Magnets and Magnetic Fields

(i) Download (in pdf format) one-page Notes

(ii) Download (in pdf format) Easy to read Notes


1. A magnet is a piece of iron or other material which exhibits properties of magnetism, such as attracting other iron-containing objects or aligning itself in an external magnetic field.

2. Magnets have a magnetic field around them. Study of magnetic field helps us explain the properties of magnets.

3. With the use of electricity, we can create artificial magnet called electromagnet, which has a variety of use. Magnets are used in many gadgets; the earphone is just one of them. Here, we take up magnets, magnetic field, properties of magnetic field and electric motor

4. A bar magnet is a rectangular piece of iron, steel or magnetic material, that shows permanent magnetic properties.

5. A compass needle is a small bar magnet. The end pointing towards the north is called north seeking or north pole. The other end that points towards the south are called south seeking or south pole.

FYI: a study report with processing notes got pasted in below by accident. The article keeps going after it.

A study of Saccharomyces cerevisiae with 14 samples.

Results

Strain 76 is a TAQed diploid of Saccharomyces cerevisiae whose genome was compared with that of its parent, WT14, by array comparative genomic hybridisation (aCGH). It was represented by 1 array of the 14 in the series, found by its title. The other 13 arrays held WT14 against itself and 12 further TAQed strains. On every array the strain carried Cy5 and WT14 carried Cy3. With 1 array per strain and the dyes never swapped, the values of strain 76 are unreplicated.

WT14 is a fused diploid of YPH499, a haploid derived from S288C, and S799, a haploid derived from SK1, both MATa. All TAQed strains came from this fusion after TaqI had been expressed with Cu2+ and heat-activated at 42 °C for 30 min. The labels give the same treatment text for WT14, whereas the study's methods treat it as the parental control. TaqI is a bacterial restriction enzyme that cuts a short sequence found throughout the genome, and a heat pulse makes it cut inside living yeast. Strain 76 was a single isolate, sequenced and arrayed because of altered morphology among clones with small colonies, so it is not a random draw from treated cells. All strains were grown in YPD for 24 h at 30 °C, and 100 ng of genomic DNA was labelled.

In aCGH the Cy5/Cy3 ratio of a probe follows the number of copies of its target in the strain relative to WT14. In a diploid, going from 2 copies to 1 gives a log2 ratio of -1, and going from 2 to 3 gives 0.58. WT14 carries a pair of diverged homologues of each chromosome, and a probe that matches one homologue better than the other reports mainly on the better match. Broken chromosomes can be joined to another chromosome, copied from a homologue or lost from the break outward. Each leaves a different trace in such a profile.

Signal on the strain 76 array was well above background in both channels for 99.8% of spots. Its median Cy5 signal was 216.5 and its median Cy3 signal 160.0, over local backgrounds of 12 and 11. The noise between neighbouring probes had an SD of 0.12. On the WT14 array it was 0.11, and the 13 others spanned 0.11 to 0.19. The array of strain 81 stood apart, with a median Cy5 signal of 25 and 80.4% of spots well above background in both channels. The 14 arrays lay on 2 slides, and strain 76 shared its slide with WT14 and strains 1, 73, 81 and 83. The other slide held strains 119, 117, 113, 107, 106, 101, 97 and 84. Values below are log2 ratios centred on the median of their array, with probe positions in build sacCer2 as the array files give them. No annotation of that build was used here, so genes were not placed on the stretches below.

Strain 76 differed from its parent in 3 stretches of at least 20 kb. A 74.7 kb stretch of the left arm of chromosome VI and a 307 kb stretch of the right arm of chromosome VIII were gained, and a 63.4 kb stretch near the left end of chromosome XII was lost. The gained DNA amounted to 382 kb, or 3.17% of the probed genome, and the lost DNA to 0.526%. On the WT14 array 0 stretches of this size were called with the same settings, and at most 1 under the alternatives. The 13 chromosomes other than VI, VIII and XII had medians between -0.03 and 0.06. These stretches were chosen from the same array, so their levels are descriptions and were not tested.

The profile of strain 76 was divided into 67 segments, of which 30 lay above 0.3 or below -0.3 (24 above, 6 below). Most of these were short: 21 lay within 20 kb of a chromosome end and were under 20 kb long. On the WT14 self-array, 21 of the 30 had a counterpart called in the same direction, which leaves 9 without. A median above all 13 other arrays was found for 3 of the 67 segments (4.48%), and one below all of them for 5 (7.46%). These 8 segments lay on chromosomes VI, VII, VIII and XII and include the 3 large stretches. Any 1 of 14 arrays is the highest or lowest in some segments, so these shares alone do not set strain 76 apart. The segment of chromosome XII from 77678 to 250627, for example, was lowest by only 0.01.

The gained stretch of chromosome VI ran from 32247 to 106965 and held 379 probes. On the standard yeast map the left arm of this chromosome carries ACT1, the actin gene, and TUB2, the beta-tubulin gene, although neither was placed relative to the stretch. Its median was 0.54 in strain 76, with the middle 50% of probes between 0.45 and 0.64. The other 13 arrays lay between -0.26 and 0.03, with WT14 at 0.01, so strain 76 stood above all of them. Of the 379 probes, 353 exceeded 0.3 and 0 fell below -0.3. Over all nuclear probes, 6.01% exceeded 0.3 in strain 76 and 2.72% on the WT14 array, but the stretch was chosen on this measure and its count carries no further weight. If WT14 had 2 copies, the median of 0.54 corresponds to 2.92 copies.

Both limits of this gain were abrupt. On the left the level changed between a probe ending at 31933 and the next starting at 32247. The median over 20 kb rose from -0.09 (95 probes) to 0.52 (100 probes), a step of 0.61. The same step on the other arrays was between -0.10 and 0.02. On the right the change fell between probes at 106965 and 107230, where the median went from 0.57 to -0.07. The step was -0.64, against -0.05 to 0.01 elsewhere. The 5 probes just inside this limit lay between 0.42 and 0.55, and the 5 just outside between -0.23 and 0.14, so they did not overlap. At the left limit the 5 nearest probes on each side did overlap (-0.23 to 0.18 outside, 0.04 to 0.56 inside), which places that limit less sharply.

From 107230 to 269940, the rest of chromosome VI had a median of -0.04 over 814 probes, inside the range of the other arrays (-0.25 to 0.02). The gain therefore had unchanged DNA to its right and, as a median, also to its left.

1. Magnets show the following two properties:

(i) like poles repel (north pole repels north pole and south pole repels south pole), while

(ii) unlike poles of magnets attract each other (north pole attracts south pole and vice versa)


7. The region surrounding a magnet, in which the force of the magnet can be detected, is said to its magnetic field. The iron filings when sprinkled around a bar magnet arrange themselves in a pattern. The iron filings experience a force. The force thus exerted makes iron filings to arrange in a pattern.

8. The lines along which the iron filings align themselves in a magnetic field represent magnetic field lines. Magnetic field lines are a pictorial representation of magnetic field around a magnet. You can also draw the field lines of a bar magnet using a small compass.

9. The magnetic field is a quantity that has both direction and magnitude (ie Vector quantity).


  1. Magnetic field lines have the following properties: –




(i) By convention, the magnetic field lines emerge from the north pole and merge at the south pole (look at the figure). Inside the magnet, the direction of field lines is from its south pole to its north pole. Thus, the magnetic field lines are closed curves.

(ii) The relative strength of the magnetic field is shown by the degree of closeness of the field lines. The field is stronger where the field lines are crowded (more field line per square unit/magnetic field lines are closer to each other).

(iii) No two field-lines cross each other. (If they did, it would mean that at the point of intersection, the compass needle would point towards two directions, which is not possible.)